Unleash The Archers – Phantoma

Unleash the Archers have unleashed their sixth studio album, “Phantoma,” one of my most anticipated of the year. True to form, the album is a narrative concept piece. This time the setting is a desolate sci-fi future, exploring the nature of robotkind and humanity’s role in that post apocalypse.

Most of the unmistakable hallmarks of the Unleash the Archers sound are present.
Titular trackPh4/NT0mA” opens with a classic Brittney Slayes power scream that makes one feel they can punch through mountains, and there are plentiful “wooooah”s throughout the album, accenting her signature storytelling vocals. On top of Slayes’ iconic voice, I continue to be impressed with her ability to enunciate densely packed lyrics in combination with smooth and catchy delivery. Everything sounds very sing-alongable until you actually try! Though there is plenty to look forward to joining in with live.
Scott Buchanan’s drumming drives the listener inexorably forward through the album, and the guitar work from Grant Truesdell and Andrew Kingsley is standout as always, whether intricate riffs or engaging solos. Glueing it all together is Nick Miller on bass. I sometimes feel discussion of Unleash the Archers focuses solely on the vocals, for obvious reasons. However, they truly are one of those bands where you can tune in to any of the musicians at any time and find virtuosity, and I would hate for any of them to go unrecognised.

Phantoma” also takes us in some new directions. Tying into the themes of the album, the soundscape is liberally sprinkled with synthwave, stylistically and lyrically putting me in mind of Scandroid’s self titled 2016 album in particular. Present throughout the album, this influence is most prominent on “Ph4/NT0mA” and the danceable “Gods in Decay.”
While the majority of the sound is still the heavy power metal we love, they’ve also reinforced the synthwave 80s motif with more classic heavy metal sensibilities than we’ve seen on previous releases. Album opener “Human Era” is where I first noticed this, but it reappears particularly on “Buried in Code,” the album’s power ballad “Give It Up Or Give It All,” and on the very groovy closer “Blood Empress.”

If I had to quibble with anything, it would be that I miss the heavier days of Unleash the Archers. This isn’t to say I don’t love the catchy songs or the beautiful moments, I very much do, but the heavier parts of “The Collective,” “Ghosts in the Mist,” and especially “Seeking Vengance” were, by far, my biggest “heck yeah” moments of the album. Clearly we are still getting a few songs with this aspect of their sound, so I just want to voice that I hope that continues going forward!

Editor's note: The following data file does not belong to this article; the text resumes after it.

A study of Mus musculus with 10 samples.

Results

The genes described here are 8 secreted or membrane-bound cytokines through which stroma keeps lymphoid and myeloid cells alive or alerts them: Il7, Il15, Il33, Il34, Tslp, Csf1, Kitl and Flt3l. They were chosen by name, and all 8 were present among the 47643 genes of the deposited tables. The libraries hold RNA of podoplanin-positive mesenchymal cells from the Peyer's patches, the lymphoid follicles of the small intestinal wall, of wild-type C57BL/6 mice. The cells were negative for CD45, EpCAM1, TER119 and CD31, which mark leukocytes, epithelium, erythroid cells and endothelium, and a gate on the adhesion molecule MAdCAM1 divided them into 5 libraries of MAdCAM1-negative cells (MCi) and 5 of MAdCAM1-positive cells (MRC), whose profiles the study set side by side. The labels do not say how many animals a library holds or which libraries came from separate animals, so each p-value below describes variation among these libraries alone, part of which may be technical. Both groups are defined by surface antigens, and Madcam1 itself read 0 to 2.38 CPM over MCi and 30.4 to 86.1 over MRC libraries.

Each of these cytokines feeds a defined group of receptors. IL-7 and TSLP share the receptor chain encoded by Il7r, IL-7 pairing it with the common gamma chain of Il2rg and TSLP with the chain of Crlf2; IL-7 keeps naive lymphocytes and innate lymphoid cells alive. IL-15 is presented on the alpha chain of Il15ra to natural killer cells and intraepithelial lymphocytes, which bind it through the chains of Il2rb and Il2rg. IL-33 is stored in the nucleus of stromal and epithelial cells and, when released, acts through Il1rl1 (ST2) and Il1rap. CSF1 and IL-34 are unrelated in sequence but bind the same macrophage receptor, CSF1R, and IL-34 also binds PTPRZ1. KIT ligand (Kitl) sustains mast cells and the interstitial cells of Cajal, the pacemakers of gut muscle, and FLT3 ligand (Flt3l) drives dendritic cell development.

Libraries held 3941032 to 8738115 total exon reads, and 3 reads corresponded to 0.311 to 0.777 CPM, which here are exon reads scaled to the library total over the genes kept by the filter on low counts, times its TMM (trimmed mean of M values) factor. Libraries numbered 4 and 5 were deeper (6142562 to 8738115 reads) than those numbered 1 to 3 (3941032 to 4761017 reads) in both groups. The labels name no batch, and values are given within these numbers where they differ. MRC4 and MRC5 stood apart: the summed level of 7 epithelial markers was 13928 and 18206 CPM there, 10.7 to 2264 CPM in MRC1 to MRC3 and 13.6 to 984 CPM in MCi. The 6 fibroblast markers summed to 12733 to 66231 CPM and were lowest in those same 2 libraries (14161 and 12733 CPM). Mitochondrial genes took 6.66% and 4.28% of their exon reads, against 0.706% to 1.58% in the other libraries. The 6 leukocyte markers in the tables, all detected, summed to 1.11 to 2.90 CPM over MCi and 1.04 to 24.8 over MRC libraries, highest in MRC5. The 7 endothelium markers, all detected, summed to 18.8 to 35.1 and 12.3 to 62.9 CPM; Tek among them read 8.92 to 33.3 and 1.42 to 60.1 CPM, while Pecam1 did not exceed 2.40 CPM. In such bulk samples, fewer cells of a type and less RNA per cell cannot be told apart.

I tried to make a “standout tracks” section and found myself listing almost all of them, so instead I will leave you with some which I feel are a good indication of the album overall. Lead single “Green & Glass” was very well chosen as a representative, “Ph4/NT0mA” is high energy, melding the synthwave aspects into Unleash the Archers’ sound brilliantly, while “Buried in Code” and “Gods in Decay” are, like all good Sci-Fi, both engaging and topical.

Rating such an album from such a band is a challenge. For most other bands an album of this calibre would be a slam dunk, five stars, no notes. But The Archers have given me previous albums I count among my all time favourites. I think I would rank this third among their discography, although it is already growing on me, so ask me again in a year and the answer could be different. Are all their albums a ten, but some of them are more ten than others? A question for the mathematicians.

Screw it, it’s a ten, who am I kidding.

Rating: 10/10

Release Date: 10th May 2024
Label: Napalm Records

Writer: Astrid

1. Human Era
2. Ph4/NT0mA
3. Buried In Code
4. The Collective
5. Green & Glass
6. Gods In Decay
7. Give It Up Or Give It All
8. Ghosts In The Mist
9. Seeking Vengeance
10. Blood Empress


Astrid has been having opinions on the internet since 2004, and started listening to metal sometime between 2000 and 2006, depending on how you count it. She was raised on classical music and Celtic folk, which has led to most of her favourite genres including “folk,” “melodic,” or “symphonic” somewhere in the descriptor alongside heavier elements. Astrid’s interests include archaeology, history, mythology, and all forms of storytelling. She enjoys singing, dancing, and being in the forest. She is a seamstress and designer by trade, based on the west coast of Canada. Capable of 347 tangential thoughts per minute.